Becoming Punxsutawney Phil: Symbols and metaphors of transformation in Groundhog Day
by Benesh, Julie Ellen, Ph.D., FIELDING GRADUATE UNIVERSITY, 2011, 140 pages; 3450252


The 1993 romantic fantasy film Groundhog Day is considered to be an exemplar of the depiction of personal transformation. This study uses hermeneutics and a specific method of dream interpretation to amplify images as symbols of transformation.

Personal transformation is a dramatic, qualitative change which may appear sudden, but is often incremental. The type of transformation most closely associated with images in the film is individuation which promotes wholeness, bringing unconscious potential into expression. Symbols of transformation complement the film‘s narrative of personal transformation embodied in its protagonist.

The symbolic images amplified and analyzed were (a) pairs/doubles, (b) lines and spheres, (c) blue and white colors, (d) hands, and (e) the groundhog.

The symbols evolve throughout the film, moving from unconsciousness to consciousness and separation to union. Forty-seven images chosen for secondary analysis revealed 3 distinct metaphors of death/rebirth including (a) reproduction, (b) digestion, and (c) breathing.

Key Words: archetypal psychology; film studies; Gestalt; hermeneutics; individuation; Jung; motion pictures; personality change; transformation

AdviserAnnabelle Nelson
SourceDAI/B 72-06, May 2011
Source TypeDissertation
SubjectsSocial psychology; Film studies
Publication Number3450252
Adobe PDF Access the complete dissertation:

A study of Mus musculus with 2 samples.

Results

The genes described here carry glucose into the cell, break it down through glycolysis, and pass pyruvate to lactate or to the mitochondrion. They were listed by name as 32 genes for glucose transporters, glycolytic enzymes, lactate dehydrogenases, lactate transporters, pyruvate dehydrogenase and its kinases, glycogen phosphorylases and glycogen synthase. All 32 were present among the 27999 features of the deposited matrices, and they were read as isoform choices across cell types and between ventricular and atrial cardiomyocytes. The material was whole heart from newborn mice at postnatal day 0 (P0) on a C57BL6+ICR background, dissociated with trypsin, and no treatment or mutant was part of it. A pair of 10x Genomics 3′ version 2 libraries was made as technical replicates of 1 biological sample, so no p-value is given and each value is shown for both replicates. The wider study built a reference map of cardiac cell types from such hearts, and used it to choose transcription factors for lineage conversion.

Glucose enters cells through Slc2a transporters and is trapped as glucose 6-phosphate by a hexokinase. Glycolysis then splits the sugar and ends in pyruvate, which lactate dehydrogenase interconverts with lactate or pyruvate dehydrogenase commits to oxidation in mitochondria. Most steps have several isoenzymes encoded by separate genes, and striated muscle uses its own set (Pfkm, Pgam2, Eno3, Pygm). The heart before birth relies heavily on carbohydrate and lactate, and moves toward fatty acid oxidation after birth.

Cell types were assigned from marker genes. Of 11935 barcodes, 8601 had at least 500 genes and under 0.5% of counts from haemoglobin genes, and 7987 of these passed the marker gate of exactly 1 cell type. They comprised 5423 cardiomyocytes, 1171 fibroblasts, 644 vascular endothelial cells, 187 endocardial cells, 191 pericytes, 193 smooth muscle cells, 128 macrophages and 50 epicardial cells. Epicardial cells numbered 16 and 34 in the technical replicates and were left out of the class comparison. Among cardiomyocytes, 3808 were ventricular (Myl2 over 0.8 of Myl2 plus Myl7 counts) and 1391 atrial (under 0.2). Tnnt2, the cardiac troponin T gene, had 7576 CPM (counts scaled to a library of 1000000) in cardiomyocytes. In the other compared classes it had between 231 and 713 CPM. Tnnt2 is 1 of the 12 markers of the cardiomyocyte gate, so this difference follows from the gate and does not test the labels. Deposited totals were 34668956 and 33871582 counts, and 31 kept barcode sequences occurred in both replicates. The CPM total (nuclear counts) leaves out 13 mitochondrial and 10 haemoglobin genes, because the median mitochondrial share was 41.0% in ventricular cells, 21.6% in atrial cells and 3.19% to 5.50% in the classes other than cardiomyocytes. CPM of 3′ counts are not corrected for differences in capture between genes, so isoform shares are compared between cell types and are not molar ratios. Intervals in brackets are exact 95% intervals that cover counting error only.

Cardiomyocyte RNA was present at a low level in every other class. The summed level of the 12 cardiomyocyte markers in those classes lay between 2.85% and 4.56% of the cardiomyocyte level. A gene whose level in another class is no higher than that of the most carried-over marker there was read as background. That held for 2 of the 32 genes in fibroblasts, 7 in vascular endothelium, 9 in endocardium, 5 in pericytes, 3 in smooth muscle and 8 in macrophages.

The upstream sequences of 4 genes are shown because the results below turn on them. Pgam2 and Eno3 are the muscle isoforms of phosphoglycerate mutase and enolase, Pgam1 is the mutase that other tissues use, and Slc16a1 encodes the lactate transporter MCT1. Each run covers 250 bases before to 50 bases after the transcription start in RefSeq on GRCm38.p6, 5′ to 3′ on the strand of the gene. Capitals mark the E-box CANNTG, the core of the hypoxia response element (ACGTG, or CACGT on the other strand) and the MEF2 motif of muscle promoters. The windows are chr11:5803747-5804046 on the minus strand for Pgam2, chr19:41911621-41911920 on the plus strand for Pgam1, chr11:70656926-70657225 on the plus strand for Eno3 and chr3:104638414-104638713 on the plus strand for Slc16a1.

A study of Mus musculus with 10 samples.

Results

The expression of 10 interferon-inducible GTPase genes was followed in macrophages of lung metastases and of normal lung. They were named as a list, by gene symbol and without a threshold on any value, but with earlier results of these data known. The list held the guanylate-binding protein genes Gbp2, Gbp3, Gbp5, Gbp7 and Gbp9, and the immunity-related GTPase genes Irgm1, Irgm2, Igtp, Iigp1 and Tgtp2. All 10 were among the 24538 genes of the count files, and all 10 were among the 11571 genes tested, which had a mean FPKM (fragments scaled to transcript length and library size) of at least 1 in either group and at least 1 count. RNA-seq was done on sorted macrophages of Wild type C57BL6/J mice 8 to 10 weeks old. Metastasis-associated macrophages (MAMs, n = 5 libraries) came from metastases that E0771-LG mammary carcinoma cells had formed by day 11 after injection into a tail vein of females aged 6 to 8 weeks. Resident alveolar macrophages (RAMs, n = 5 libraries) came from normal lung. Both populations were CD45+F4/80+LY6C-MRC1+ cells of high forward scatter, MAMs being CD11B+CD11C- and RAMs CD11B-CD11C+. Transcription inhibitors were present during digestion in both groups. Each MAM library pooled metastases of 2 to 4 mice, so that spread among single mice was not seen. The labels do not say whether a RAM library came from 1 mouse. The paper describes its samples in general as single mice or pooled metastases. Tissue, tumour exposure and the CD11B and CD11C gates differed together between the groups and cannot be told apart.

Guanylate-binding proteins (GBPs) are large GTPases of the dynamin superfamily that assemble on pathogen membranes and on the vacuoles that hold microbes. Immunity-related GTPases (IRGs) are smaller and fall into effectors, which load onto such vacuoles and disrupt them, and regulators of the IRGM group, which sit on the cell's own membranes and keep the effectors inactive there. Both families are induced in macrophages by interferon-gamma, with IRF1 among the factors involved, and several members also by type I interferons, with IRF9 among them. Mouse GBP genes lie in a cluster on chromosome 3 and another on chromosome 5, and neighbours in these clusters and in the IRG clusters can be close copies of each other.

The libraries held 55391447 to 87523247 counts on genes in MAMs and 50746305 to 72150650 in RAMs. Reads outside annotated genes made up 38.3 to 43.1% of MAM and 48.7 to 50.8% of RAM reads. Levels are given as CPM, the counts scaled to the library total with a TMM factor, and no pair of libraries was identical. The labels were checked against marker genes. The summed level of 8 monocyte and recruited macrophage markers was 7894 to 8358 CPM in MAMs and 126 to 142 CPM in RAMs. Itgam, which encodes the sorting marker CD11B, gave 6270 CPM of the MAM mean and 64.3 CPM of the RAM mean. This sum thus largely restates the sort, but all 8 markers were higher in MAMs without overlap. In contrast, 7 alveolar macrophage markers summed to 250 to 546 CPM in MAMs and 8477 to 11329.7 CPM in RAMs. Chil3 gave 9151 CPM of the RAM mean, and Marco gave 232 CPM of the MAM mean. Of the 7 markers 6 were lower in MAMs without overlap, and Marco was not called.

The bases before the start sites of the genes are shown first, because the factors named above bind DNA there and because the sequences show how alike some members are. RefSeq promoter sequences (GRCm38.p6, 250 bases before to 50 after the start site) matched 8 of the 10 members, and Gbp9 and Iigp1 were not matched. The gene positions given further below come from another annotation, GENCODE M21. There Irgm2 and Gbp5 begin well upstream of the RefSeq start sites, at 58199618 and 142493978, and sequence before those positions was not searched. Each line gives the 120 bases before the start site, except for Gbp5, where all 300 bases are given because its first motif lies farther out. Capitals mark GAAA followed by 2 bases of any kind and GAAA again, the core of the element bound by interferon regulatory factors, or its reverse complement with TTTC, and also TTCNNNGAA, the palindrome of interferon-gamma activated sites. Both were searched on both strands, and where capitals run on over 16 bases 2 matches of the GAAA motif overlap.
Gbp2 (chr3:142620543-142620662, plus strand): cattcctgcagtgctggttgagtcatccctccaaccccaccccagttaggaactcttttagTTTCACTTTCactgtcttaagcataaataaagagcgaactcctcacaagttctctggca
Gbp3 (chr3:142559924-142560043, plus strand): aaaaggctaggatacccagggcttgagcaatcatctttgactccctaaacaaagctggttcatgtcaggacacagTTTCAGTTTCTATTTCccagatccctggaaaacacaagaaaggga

» Find an electronic copy at your library.
  Use the link below to access a full citation record of this graduate work:
  If your library subscribes to the ProQuest Dissertations & Theses (PQDT) database, you may be entitled to a free electronic version of this graduate work. If not, you will have the option to purchase one, and access a 24 page preview for free (if available).

About ProQuest Dissertations & Theses
With over 2.3 million records, the ProQuest Dissertations & Theses (PQDT) database is the most comprehensive collection of dissertations and theses in the world. It is the database of record for graduate research.

The database includes citations of graduate works ranging from the first U.S. dissertation, accepted in 1861, to those accepted as recently as last semester. Of the 2.3 million graduate works included in the database, ProQuest offers more than 1.9 million in full text formats. Of those, over 860,000 are available in PDF format. More than 60,000 dissertations and theses are added to the database each year.

If you have questions, please feel free to visit the ProQuest Web site - - or call ProQuest Hotline Customer Support at 1-800-521-3042.